The Sheraton Atlanta has temporarily closed to conduct testing for legionella bacteria, after several guests of the hotel were diagnosed with legionnaires’ disease, a dangerous respiratory condition also known as Pontiac fever. According to a statement by hotel management, the closure will continue at least until August 11th. The Sheraton has not been confirmed as the source of the outbreak, but no other locations are currently being tested, and all ten victims identified so far appear to have attended the same conference at the hotel.
Legionnaires’ Is a Potentially Deadly Waterborne Illness
Legionella bacteria, which causes legionnaires’ disease, occurs naturally in wild fresh water sources and can become hazardous to humans when it colonizes plumbing systems. Transmission usually occurs through breathing aerosolized droplets of contaminated water, introducing the bacteria directly into the respiratory system. Legionnaires’ primarily manifests as severe pneumonia, with coughing, fever, muscle aches, and headaches, but can also cause digestive distress and confusion.
About 10% of people diagnosed with legionnaire’s will die of their illness. In healthcare facilities, where most patients already have compromised immune systems, that number rises to 25%.
One Guest Has Been Found Dead
Cameo Garrett, a woman who attended a conference at the Sheraton Atlanta on June 29th with her service organization, stopped responding to messages from family and friends on July 4th, after complaining of intestinal problems. She was found dead in her home on July 9th.
It is not yet known whether Garrett died of legionnaires’, or whether her death was related to the outbreak in any way, but several other members of her organization reported symptoms after the conference as well. Garrett’s father, without making any accusations, has called for an investigation to explain his daughter’s death and ensure all due steps are taken to prevent similar tragedies.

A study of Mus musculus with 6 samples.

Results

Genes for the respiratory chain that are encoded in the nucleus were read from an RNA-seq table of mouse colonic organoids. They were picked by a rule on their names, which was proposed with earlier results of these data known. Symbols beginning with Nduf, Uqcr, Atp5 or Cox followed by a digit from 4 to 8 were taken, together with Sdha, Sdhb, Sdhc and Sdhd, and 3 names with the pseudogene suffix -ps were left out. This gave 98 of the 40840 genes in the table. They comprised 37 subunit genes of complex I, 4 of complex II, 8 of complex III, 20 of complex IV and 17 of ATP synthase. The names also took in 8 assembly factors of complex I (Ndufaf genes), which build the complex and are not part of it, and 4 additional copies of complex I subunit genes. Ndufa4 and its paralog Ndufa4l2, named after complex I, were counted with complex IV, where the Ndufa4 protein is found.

Is the Outbreak the Result of Negligence?
Since the discovery of the outbreak, the Sheraton Atlanta appears to have behaved responsibly, shutting down voluntarily, cooperating with all testing procedures, opening communication with former guests, and even providing support to displaced travelers and employees. The real question is whether the hotel failed to take reasonable steps to prevent the outbreak in the first place.
The CDC provides a helpful guide to industry standards and best practices for preventing legionnaires’ outbreaks. Legionella grows best in warm, fresh water, so hot tubs, showers, and fountains in sunny areas require particular attention. Important safety precautions include:
- Cleaning all water features regularly and watching for biofilm buildup
- Maintaining and frequently testing chlorine levels in pools and hot tubs
- Keeping boilers at high enough temperatures to kill legionella, while ensuring hot water is automatically mixed with cold water near the point of use to protect against scalds
- Having a plan of action for equipment failures, service interruptions, and other disruptions of normal water flow
Currently, more information is needed on what happened at the Sheraton Atlanta. Hopefully, testing and further investigation will reveal not just where the legionnaires’ outbreak originated, but whether more could have been done to prevent it, so victims of the outbreak can understand their options.
If you recently became ill after staying at the Sheraton Atlanta or suffered any negligence during your stay in a hotel, call The Stoddard Firm to discuss the latest info and the details of your case in a free consultation.